5 British Concentration Camps of the South African War 1900-1902
BCCDBritish Concentration Camps
of the South African War
1900-1902

Eshowe

Although Eshowe camp was unique in many respects, it was also typical of a number of small camps which housed a scattering of families who had concentrated in an area and been fed by the military. Ladybrand, which never attained the status of a camp, was another example.

The location of Eshowe camp partly explains its existence. The position of northern Natal had long been equivocal. A number of Boers had settled in this area and established the ‘New Republic’ under Lucas Meyer. Positioned between the Transvaal to the west and Zululand to the east, the status of the New Republic was always uncertain. By 1899, however, it had been absorbed by the Transvaal, to whom the white inhabitants gave their allegiance. When war broke out in 1899, many of the burghers joined the Transvaal commandos but some, fearful of the welfare of their families who were vulnerable to attack both from British irregulars and the allied Zulus, sought protection in Eshowe.

The earliest arrivals, Charles Chilcott and Henry Corbett and his family, both from the Vryheid district, would appear to have been British but they were followed shortly by Boer refugees. All reached Eshowe in December 1900. The raids of Colonel Bottomley from March to June 1901 hastened the arrival of over 100 families, also mainly from the Vryheid district. Many of these people were virtually destitute, their considerable herds having been pillaged by Bottomley and his men. About half, however, brought their stock in with them. Some of these refugees were of German origin and, although they were ZAR burghers, they did not share ethnic ties with the Boers, and they were more willing to flee the callup of the commandos. In total 436 Boers arrived as surrendered burghers in Eshowe, mainly from the Vryheid district. Johan Wasserman notes that, despite their deprivations, such people were unfairly labelled ‘hensoppers’ for life, although few became ‘joiners’, collaborating actively with the British.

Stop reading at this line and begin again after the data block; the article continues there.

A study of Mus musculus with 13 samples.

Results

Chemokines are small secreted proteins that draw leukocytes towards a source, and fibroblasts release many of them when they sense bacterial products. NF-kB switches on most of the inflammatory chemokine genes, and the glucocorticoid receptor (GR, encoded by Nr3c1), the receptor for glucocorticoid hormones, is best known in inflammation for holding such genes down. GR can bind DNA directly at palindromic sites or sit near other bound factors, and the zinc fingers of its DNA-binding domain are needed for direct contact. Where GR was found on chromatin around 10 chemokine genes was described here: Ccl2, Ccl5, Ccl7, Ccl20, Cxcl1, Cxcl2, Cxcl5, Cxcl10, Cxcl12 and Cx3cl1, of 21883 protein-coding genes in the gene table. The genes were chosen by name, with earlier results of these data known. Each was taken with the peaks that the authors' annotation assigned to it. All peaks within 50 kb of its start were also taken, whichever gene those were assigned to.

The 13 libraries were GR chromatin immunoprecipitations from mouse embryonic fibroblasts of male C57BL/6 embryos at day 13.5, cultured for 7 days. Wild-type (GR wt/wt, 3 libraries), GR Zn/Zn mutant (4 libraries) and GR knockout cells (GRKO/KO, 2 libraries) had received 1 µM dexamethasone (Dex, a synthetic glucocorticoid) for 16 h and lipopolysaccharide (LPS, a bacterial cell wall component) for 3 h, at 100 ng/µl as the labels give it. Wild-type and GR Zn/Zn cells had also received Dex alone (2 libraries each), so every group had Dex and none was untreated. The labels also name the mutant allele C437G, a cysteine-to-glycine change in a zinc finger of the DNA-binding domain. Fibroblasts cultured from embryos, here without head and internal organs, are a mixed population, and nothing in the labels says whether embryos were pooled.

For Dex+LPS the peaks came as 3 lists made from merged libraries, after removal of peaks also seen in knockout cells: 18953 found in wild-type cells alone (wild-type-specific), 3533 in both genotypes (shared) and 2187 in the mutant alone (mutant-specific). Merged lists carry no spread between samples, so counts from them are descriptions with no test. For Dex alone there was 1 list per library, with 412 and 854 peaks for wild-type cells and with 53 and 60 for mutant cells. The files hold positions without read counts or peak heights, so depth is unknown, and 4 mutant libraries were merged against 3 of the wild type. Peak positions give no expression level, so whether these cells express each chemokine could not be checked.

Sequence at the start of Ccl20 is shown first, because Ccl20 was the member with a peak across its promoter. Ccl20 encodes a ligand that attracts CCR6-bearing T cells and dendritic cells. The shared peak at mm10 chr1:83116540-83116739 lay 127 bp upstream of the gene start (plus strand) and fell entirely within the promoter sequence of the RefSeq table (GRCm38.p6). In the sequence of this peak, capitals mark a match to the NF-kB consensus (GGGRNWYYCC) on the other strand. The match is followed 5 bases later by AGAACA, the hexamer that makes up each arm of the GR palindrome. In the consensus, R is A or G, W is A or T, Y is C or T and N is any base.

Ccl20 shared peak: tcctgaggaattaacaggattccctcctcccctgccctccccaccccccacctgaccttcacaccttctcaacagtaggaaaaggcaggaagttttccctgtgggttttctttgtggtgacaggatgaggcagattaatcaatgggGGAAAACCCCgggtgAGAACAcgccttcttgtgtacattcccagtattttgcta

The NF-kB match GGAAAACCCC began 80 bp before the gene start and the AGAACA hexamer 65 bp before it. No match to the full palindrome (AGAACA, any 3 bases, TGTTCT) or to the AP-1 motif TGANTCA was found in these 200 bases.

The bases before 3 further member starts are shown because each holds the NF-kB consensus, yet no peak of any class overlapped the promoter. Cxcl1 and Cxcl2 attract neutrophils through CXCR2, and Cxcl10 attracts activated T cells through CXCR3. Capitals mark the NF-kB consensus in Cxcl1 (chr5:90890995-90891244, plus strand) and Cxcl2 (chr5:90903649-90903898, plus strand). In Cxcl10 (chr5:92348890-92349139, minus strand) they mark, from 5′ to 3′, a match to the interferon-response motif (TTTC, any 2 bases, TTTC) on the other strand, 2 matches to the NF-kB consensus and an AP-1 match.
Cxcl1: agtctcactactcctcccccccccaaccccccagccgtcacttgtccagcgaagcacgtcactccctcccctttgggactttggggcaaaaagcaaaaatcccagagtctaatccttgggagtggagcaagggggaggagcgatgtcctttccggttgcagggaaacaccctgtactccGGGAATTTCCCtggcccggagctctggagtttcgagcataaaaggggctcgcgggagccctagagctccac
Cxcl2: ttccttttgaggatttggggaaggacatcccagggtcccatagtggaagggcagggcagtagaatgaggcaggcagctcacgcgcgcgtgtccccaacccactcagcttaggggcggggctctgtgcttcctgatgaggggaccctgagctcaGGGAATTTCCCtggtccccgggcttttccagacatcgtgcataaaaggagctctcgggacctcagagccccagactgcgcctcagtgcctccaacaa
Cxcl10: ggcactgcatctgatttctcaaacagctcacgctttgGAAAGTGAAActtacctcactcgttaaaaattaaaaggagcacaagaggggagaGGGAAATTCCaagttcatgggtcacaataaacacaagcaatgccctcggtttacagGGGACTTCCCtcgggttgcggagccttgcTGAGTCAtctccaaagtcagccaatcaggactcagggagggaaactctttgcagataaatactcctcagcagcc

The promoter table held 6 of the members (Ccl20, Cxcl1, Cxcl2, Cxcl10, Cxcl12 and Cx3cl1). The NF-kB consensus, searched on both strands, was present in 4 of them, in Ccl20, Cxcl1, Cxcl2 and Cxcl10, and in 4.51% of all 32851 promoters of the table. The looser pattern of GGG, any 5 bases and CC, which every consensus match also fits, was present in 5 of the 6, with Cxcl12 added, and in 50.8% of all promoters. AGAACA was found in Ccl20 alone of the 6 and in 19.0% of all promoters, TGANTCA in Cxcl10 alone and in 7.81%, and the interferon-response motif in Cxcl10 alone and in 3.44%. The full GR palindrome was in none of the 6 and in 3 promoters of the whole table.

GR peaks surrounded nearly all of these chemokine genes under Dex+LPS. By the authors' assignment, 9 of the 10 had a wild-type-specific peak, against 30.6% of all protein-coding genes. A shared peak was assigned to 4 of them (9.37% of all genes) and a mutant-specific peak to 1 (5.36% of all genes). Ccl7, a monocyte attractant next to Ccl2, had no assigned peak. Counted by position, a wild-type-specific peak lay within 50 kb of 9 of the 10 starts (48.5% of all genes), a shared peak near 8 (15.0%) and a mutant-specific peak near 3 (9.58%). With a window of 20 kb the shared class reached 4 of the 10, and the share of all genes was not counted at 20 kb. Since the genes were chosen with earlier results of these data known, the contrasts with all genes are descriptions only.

A second wave of arrivals began in October 1901 but was concentrated in the brief period from 30 December 1901 to 2 January 1902. The majority of northern Natal families captured by British troops was sent either to Volksrust or Merebank camps. For this short time, however, a group of destitute families, mainly from the Vryheid district, was sent to Eshowe. This followed Lord Kitchener’s decision in December 1901, not to send anyone else to the camps which were overwhelmed by the numbers they had to cater for. In all 24 families, 91 people, were housed in the concentration camp portion of Eshowe camp. They spent only 50 days there and were then transferred to Merebank in Durban. Other inmates were later sent to Wentworth camp, also in Durban.

Eshowe camp, Wasserman suggests, was an ‘administrative centre’ rather than a conventional camp, for mainly only the women, children and those without stock, resided in the camp itself. The other men herded their cattle widely over Zululand and were required only to report on Mondays to the police in the magisterial district in which they were then living. Run by the military, the camp staff consisted only of the superintendent and one nurse while two burghers helped to issue rations and do other tasks. Bell tents provided accommodation but these housed only five people so there was none of the overcrowding found in the larger camps. The local district surgeon provided what medical care was needed and the seriously ill were cared for in the Eshowe hospital. The ration scale was relatively generous and mortality was low, with only four deaths (three of them adults and a baby which died of dysentery), for this was a healthy camp. Schools were run informally and no minister of religion was provided.

Eshowe camp was closed early, before the end of the war, on 15 April 1902 when the remaining refugees were sent to Merebank and Wentworth. Others, notably the German community, were allowed to join friends and family who could support them. A handful remained in the Eshowe district.

Reading

This article is based entirely on:
J. Wasserman, The Eshowe Concentration and Surrendered Burghers Camp during the Anglo-Boer War (1899-1902), (Durban, Waterman Publishers, 1999).



Acknowledgments: The project was funded by the Wellcome Trust, which is not responsible for the contents of the database. The help of the following research assistants is gratefully acknowledged: Ryna Boshoff, Murray Gorman, Janie Grobler, Marelize Grobler, Luke Humby, Clare O’Reilly Jacomina Roose, Elsa Strydom, Mary van Blerk. Thanks also go to Peter Dennis for the design of the original database and to Dr Iain Smith, co-grantholder.